The Citroën AC4 and its sister the AC6 were produced from 1928 until 1932 in various body styles including the “Berline” (i.e. saloon or sedan), torpedo, faux cabriolet (i.e. fake convertible), cabriolet decapotable (convertible) as either a two or four seat. The six cylinder AC6 was also made as a bus. The AC4 was even made as a Kégresse track (half track) military vehicle (André Citroën was very keen on the Kégresse track as a go anywhere vehicle).
1928 was the only year they were referred to as the AC4 and AC6 as they were modified and renamed the C4 and C6 in 1929.
The 1928 barn find AC4 we are featuring is a berline and looks to be in quite good and restorable condition.
The Citroën AC4 was a very conventional design with an in-line four cylinder engine driving the rear wheels via a three speed gearbox. Suspension was by leaf springs all around and the front and rear drum brakes were Westinghouse servo assisted, a modern feature in a twenties vintage car.
The engine of the Citroën AC4 was a four cylinder 1628cc producing 30bhp at 3000rpm. This gave the car a top speed of approximately 80kph (around 50mph). With its worm and roller steering and servo assisted brakes this was a well designed car of the twenties and should be excellent to drive.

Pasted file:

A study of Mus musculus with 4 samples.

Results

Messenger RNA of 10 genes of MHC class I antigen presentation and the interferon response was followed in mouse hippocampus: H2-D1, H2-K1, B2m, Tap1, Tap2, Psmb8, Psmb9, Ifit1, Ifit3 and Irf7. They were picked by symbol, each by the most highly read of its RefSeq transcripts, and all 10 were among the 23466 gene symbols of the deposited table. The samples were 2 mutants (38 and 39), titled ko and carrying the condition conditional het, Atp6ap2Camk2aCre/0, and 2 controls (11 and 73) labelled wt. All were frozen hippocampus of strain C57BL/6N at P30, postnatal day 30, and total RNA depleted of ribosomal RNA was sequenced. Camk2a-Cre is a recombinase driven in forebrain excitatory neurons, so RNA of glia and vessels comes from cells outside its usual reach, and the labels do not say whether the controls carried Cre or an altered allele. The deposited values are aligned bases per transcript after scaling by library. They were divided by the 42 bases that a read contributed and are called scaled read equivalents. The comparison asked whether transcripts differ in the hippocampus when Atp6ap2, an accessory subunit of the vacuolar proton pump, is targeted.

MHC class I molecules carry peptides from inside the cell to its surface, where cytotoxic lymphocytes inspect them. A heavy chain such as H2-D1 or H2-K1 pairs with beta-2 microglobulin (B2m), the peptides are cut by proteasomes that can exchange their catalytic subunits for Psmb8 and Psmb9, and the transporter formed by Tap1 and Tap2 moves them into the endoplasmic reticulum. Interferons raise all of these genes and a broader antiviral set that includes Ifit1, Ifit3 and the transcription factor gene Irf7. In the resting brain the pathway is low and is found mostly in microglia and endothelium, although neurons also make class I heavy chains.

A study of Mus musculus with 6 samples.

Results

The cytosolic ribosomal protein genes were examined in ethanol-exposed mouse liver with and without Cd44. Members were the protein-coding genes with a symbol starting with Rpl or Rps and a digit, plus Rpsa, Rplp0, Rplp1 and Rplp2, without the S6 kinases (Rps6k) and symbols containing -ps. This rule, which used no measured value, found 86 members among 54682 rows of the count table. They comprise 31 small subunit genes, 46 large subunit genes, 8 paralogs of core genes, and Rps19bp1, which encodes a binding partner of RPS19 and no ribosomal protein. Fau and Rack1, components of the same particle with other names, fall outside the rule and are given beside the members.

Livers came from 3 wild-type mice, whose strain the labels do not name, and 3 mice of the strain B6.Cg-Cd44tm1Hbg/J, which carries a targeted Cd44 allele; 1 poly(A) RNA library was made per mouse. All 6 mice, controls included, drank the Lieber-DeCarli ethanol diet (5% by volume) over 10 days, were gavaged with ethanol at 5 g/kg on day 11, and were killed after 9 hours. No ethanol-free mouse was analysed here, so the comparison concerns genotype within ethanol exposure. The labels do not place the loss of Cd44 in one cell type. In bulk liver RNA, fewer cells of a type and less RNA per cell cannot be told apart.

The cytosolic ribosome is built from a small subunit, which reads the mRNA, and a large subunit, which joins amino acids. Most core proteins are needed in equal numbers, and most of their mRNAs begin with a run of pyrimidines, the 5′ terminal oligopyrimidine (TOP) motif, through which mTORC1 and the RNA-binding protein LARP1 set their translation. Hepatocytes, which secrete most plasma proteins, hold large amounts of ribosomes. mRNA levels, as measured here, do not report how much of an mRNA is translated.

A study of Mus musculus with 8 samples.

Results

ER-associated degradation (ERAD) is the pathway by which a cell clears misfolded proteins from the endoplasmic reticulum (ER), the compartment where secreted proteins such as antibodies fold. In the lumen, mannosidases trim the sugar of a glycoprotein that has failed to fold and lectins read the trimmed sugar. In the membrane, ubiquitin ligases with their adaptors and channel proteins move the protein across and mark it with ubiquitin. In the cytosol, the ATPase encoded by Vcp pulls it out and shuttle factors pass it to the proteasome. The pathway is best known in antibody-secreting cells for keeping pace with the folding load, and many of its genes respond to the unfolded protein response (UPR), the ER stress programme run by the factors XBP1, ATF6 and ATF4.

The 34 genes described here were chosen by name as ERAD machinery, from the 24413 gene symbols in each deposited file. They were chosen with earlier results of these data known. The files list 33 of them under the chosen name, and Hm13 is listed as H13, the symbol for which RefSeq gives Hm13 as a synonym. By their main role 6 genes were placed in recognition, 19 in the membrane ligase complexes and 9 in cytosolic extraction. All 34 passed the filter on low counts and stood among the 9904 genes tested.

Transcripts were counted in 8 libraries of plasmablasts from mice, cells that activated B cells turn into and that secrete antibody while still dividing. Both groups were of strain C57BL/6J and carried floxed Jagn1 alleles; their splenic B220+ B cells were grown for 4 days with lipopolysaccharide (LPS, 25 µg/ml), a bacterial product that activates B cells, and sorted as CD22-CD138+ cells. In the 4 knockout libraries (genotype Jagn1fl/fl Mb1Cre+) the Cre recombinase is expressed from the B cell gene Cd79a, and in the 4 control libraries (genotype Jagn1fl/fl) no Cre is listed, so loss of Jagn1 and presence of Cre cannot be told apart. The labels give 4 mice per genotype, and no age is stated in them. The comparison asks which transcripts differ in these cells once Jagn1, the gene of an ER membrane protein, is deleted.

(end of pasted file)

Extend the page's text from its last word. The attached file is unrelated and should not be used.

The interior of the car appears to be complete and in quite good shape.
The instrumentation and controls all appear to be there and to be original.
This 1928 Citroën AC4 barn find is up for sale on Craigslist with an asking price of USD$13,000.00. You’ll find the Craigslist page for it if you click here.
You will also find the car listed on barnfinds.com if you click here. Interestingly the writer on Barnfinds asks if you would take this car in preference to a Ford Model A? My answer to that is yes I would, it’s a Citroën and I’d rather that than a Ford c’est tout naturel. If you also think like that then this is a car you may be interested in.
Jon Branch is the founder and senior editor of Revivaler and has written a significant number of articles for various publications including official Buying Guides for eBay, classic car articles for Hagerty, magazine articles for both the Australian Shooters Journal and the Australian Shooter, and he’s a long time contributor to Silodrome.
Jon has done radio, television, magazine and newspaper interviews on various issues, and has traveled extensively, having lived in Britain, Australia, China and Hong Kong. His travels have taken him to Indonesia, Israel, Italy, Japan and a number of other countries. He has studied the Japanese sword arts and has a long history of involvement in the shooting sports, which has included authoring submissions to government on various firearms related issues and assisting in the design and establishment of shooting ranges.